Bethanky Clarke/Getty

The tech press is obsessed with calling things dead. So now that it’s become abundantly clear Twitter is flailing—execs are leaving, and the company is unable to sustain growth, or focus on making its product better for users—pundits have begun to lament the End of Twitter. Twitter’s troubles seem like they’ll eventually grind down the company’s status and popularity: The incredible ease and ubiquity of targeted abuse, the noisiness of the timeline, the difficulty of introducing newcomers to the service, and the ham-fisted attempts at new features make Twitter feel like a service intent on driving both loyal and new users away. (This week saw the company attempt to fix onboarding and conversation.)

The situation, however, isn’t as dire as the commenters make it seem: On a purely financial level, Twitter still has enough money to run the service as is for the next 412 years. And most importantly, Twitter is still the best answer to the question “What’s happening in the world right now?” Though some argue that other social platforms like Facebook or Snapchat could conceivably break Twitter’s hold on immediacy, it’s hard to imagine that happening in a simple way. After all, can you imagine turning to Facebook and finding breaking reports from the BBC interspersed with messages from Grandpa and updates from that restaurant you like?

Twitter remains the best way to connect to what is happening in the moment. To be clear, this is not because there is something inherently great about Twitter the product; it’s because the company pioneered a cultural form: the real-time, public information network.

But let’s back up. As a sociological concept, cultural forms are identifiable parts of culture that transcend their origins to become part of society. Written poetry, for example, evolved from an oral tradition of singing songs and telling stories into a way to frame and share ideas and feelings. The nature of poetry changed in reaction to the times; early English poetry was almost always Christian in nature, for example, while Romantic poetry turned inward to reflect on the self and its place in a changing, industrializing world. A form reflects and shapes the world.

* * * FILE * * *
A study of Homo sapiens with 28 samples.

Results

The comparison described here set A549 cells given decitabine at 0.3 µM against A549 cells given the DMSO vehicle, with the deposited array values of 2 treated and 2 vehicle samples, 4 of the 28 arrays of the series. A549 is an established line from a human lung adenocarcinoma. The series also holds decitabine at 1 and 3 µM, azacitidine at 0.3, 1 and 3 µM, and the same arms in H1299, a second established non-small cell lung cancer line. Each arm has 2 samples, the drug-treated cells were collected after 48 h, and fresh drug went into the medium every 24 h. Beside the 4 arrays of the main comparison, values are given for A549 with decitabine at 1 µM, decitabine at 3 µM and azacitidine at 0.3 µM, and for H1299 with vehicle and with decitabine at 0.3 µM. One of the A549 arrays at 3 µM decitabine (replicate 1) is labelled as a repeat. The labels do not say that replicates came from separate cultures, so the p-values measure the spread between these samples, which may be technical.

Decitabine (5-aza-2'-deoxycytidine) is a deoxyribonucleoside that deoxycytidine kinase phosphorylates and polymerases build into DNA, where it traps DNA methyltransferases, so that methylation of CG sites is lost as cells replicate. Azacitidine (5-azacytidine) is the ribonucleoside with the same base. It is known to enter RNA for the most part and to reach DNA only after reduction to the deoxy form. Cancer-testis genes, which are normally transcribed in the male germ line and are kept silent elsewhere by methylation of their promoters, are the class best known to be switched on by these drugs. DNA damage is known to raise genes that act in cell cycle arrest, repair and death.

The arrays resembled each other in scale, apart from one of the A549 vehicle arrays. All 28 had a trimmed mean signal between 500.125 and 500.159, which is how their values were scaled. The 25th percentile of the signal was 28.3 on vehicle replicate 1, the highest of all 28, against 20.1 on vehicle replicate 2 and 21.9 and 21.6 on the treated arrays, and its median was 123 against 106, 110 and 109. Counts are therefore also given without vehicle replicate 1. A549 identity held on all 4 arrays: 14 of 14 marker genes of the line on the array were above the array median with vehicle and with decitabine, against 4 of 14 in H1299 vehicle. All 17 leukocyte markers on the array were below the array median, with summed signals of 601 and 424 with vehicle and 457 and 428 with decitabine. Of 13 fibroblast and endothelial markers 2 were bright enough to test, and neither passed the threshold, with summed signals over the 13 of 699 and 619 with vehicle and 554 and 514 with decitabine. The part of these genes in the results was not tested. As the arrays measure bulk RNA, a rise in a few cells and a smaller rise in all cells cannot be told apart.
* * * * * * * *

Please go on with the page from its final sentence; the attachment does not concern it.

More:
In the twentieth and twenty-first centuries, cultural forms became more intricately linked to large-scale technology—which means that they were almost always products first. Consider video games: Despite the fact they are now undoubtedly more than just consumer items, the material needs of developing and distributing cartridges and disks before the internet meant that large corporations had to be involved. The realities of capitalism mean that extricating the aesthetic form from the product had to come later.

The same goes for social media. The social network—first with Friendster, then with MySpace, and finally with Facebook—was created first as a business, but then became adopted as a category of cultural function. Twitter is similar.

As social as Twitter can be, though, it isn’t really a social network, at least not in the same way Facebook is; it is, rather, a real-time information network with a social component—a place where people go to talk about what is happening and what they’re thinking right now. That’s why Twitter’s defining feature is not the individual tweet, but its near-real time stream of messages. Twitter externalizes and
publicizes communication and speech, turning the resulting words into an aesthetic object of public discourse.

Maybe, then, saying Twitter will die is a bit like saying a newspaper will fold—sure, the company will be gone, but the cultural necessity of journalism dictates that someone will still make news. Appropriately, Slack—the team chat and collaboration app that has exploded in popularity, worth more than a billion dollars—could take Twitter’s place. Recent rumors suggest that it is working on a broadcast addition to its app, which would allow people to send out messages to the public while retaining private channels. It would be a logical step—especially in terms of Slack’s business interests—but it would also further suggest that Twitter, so to speak, isn’t unique to Twitter.

There are other effects of that line of thinking, too: If private companies currently dominate these new cultural platforms, for example, then there may also be a place for public versions. It might be easier to to enforce a more aggressive no-harassment policy on a publicly- or user-owned version of such a network. It would also perhaps be less alienating.

That’s why it doesn’t matter if Twitter dies. At this moment in history, we are creating new structures, new aspects of culture—and in the long run, Twitter, Facebook, and others will give way to cultural forms that are much longer lasting.